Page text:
Dietary Information or Nutritional Information?
When you discuss improving your patient’s health through dietary changes there are a couple of things that you should consider. The most important one is the difference between dietary information and nutritional information. To most patients and far too many healthcare providers the terms are synonymous. While there is some overlap of the two terms, they do not have the same meaning.
Strictly speaking, dietary information and dieticians refer to and are concerned with macro-nutrients: calories, proteins, carbohydrates, fats, and perhaps hydration. Dietary counseling refers to counting calories, balancing carbohydrates with proteins and fats, and determining the best way to achieve these goals through food choices. The four basic food groups, the food pyramid, and now the nutrition plate have all been attempts to ensure that Americans get the proper amounts of macro-nutrients, as defined by the best understanding of nutrition at the time.
Nutritional information and nutritionists are more concerned about the micro-nutrients, specific vitamins, minerals, enzymes, and supplements to best ensure that each patient is as healthy as possible. Nutritionists aim to improve overall patient’s health through specifically targeting nutritional deficiencies within the patient’s dietary framework. A nutritionist takes the dietary habits that the patient currently practices, determines the nutritional deficiencies that are present, and supplies the patient with specific recommendations or supplements to alleviate the nutritional deficiency.
The difference is similar to the level of precision between a building framer and a finish carpenter. The framer uses large pieces of lumber and fastens them together with large nails in a fairly square and straight manner. The result is the framework around which the rest of the house is built. A finish carpenter uses finely sanded, premium wood which he fastens together with precision and puts a high quality finish on the surface so that the result is as pleasing as possible to the eye. The better the job that the framer does with his rough work; the easier it is for the finish carpenter to complete the project to a high quality.
If you think of the patient’s health as a house and their diet as the building materials for the house, then you can picture a better end result using higher quality building materials and more skilled craftsmen. The framer (the dietician) begins working on the project using the materials (food) they have available to them. The project can only proceed so far due to the skills of the framer. It will be a functional structure; it will meet all building codes (government guidelines) and will last a lifetime. But it will not be good as it can be.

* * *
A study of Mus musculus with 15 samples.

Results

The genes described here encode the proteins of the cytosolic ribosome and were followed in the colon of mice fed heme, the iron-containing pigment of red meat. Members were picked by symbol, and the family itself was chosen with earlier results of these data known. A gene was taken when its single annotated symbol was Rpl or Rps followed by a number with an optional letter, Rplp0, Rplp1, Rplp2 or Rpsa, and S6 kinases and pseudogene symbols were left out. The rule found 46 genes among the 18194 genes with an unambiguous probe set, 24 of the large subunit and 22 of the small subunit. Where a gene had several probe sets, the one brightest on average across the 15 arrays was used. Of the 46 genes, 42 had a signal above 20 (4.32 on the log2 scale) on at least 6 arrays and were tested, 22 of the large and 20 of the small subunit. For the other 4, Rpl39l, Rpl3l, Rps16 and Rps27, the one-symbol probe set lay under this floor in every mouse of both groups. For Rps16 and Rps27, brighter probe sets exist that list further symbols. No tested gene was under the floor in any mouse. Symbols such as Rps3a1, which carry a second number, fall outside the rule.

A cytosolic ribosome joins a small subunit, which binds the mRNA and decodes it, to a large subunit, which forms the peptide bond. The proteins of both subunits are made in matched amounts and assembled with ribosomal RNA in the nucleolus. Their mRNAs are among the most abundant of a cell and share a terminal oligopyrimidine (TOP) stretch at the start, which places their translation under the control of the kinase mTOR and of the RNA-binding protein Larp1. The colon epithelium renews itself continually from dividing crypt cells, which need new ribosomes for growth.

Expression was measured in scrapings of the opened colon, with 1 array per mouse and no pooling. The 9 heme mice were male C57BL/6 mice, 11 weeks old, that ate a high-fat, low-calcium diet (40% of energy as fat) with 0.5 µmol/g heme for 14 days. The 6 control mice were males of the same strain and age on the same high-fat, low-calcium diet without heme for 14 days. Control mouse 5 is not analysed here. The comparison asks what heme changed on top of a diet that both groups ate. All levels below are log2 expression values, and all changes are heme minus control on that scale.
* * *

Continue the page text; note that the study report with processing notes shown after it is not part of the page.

You need to bring in a finish carpenter (a nutritionist) to put in the finishing touches. Using different products, and more refined skills, they will bring out the best in the finished product. Finely finished touches which will bring years of enjoyment to occupants will be the result of this increased attention to detail. None of these details are required by the building code, but they will bring much more enjoyment for years to come for who are living in the structure surrounded by these finishing touches.
Most patients can survive by following the advice of dieticians and following the government guidelines toward healthy eating. But, it is important to remember that the FDA guidelines are the minimum requirements to avoid disease, which is a much lower threshold than being healthy. Health is defined as optimum being, not merely the absence of disease.
A nutritionist can make the difference between being alive and living. Many patients need specific advice and supplements to achieve maximum health. Eating healthy and following the federal nutritional guidelines are the bare minimum to establishing a healthy lifestyle. Taking the extra step to maximize your health by ensuring that all necessary nutrients are available for the body to utilize is the job of the nutritionist.
Be the expert in nutrition that your patient’s need, or at least have one on your staff, and you will be able help your patients live in a finely crafted home—their own body.